The Region of Waterloo’s mismanagement is harming the quality of paramedic services and putting the community and its workforce at risk, according to paramedics represented by CUPE 5191.
Luke McCann, an active paramedic and president of CUPE 5191, said emergency calls had increased during the pandemic without a corresponding increase in staffing.
“In addition to COVID-related work in relation to testing and vaccination, we are responding to all forms of crises in the community, from increases in violent incidents, the continuation of the opioid crisis, to a broad range mental health-related calls for service,” McCann said. “But we are not being provided the resources we need to maintain the quality of our service or our own wellbeing.”
CUPE 5191 is currently in negotiations with the Region of Waterloo after their last contract expired in March 2020. The Local represents approximately 300 paramedics and logistics workers.
In March 2021, the Local received a strike mandate of 97 per cent from a membership working through the pandemic without a contract. The employer has refused to address concerns about heavy workloads, understaffing and retention, lack of sick time, increased disciplinary measures, and work-life balance.
The Region has historically prided itself on running a “lean service” – at the expense of its workers as indicated by a 73 per cent increase in WSIB claims between 2016 and 2018.
Over 20 paramedics have quit the workforce since last year, contributing to a staffing and retention crisis rooted in poor working conditions and lower compensation compared to neighbouring municipalities.
“The Region needs to make these jobs attractive but you can’t do that when workers are getting injured and feeling burnt out,” McCann said.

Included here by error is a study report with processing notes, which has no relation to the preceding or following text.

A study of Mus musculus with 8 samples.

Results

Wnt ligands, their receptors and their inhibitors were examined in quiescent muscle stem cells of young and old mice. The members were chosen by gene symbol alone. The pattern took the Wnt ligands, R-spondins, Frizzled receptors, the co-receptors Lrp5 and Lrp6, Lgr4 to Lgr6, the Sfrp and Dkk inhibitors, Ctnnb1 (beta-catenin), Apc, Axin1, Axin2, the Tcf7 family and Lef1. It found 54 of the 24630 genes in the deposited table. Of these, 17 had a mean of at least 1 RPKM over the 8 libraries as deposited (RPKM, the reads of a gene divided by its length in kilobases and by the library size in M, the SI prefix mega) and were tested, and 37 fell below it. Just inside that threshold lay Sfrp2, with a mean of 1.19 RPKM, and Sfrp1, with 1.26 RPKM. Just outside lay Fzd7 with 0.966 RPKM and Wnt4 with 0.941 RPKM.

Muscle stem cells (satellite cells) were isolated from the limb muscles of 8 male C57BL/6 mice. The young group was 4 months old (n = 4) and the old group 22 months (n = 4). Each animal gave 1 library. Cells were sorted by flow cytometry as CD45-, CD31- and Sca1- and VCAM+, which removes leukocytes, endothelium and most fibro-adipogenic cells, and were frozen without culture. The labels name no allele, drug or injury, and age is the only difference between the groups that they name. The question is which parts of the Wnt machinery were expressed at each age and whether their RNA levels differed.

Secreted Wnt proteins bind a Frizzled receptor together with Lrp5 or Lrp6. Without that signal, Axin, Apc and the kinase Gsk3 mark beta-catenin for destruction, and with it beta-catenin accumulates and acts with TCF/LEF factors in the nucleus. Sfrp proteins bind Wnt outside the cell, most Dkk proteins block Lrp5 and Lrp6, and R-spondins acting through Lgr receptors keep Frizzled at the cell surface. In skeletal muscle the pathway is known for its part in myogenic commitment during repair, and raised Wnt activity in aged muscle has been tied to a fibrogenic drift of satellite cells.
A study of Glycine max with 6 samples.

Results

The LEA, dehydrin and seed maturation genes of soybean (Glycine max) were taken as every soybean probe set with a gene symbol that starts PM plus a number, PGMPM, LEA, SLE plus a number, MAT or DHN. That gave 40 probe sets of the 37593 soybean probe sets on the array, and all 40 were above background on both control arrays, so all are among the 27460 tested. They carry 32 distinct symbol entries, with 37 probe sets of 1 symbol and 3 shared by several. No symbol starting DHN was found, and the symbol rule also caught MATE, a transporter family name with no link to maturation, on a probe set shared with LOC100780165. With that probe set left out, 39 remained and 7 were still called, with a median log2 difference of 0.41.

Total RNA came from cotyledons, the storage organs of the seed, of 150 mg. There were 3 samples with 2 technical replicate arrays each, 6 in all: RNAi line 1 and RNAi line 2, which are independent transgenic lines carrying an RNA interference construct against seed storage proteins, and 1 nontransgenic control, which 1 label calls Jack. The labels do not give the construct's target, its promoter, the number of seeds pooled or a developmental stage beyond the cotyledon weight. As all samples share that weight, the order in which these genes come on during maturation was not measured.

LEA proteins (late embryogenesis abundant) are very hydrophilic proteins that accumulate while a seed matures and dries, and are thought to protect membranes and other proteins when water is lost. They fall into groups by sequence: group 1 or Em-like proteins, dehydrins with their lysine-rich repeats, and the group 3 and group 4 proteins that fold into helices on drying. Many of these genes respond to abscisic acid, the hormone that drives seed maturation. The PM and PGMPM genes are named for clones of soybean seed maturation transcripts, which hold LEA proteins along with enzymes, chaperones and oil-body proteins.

“To take on extra work, to face increasing discipline, to sacrifice time with your family, to be told we are valued employees, and then to essentially have our employer tell us that we don’t deserve decent working conditions and a fair contract is insulting.”
The Region wants to eliminate “job share” positions, which allows two members to work the equivalent of one full-time position.
“That will have a serious impact not only on our paramedics with young children but other members who want to achieve a better work-life balance. With an increased workload, higher levels of stress leading to mental health challenges, and several members having to home school during the pandemic, it is more important than ever to maintain the job share positions,” said Alex Manson, executive officer of CUPE 5191.
The local leadership pointed out that improved work-life balance and flexibility was a key goal most staff had identified in the most recent employee survey conducted by the Region.
“What’s the point of these surveys if they are just going to turn around and do the exact opposite of what the staff want?” McCann said. “The employer is looking to eliminate our job share positions, however many other employees within different departments in the Region continue to maintain job share positions. It makes no sense to punish our members this way.”
The union’s members are concerned about their own wellbeing while also questioning management’s sense of responsibility to the community.
“As residents of the Region of Waterloo, we all have a stake in our ambulance service. We don’t just provide service to strangers, we are responding to calls as friends within our neighbourhoods and communities,” McCann said.
“It worries me when the employer leaves us short-staffed and overworked. It impacts quality. We know we could be capable of so much more if we had the resources we need to come to work well-rested and satisfied with our working conditions.”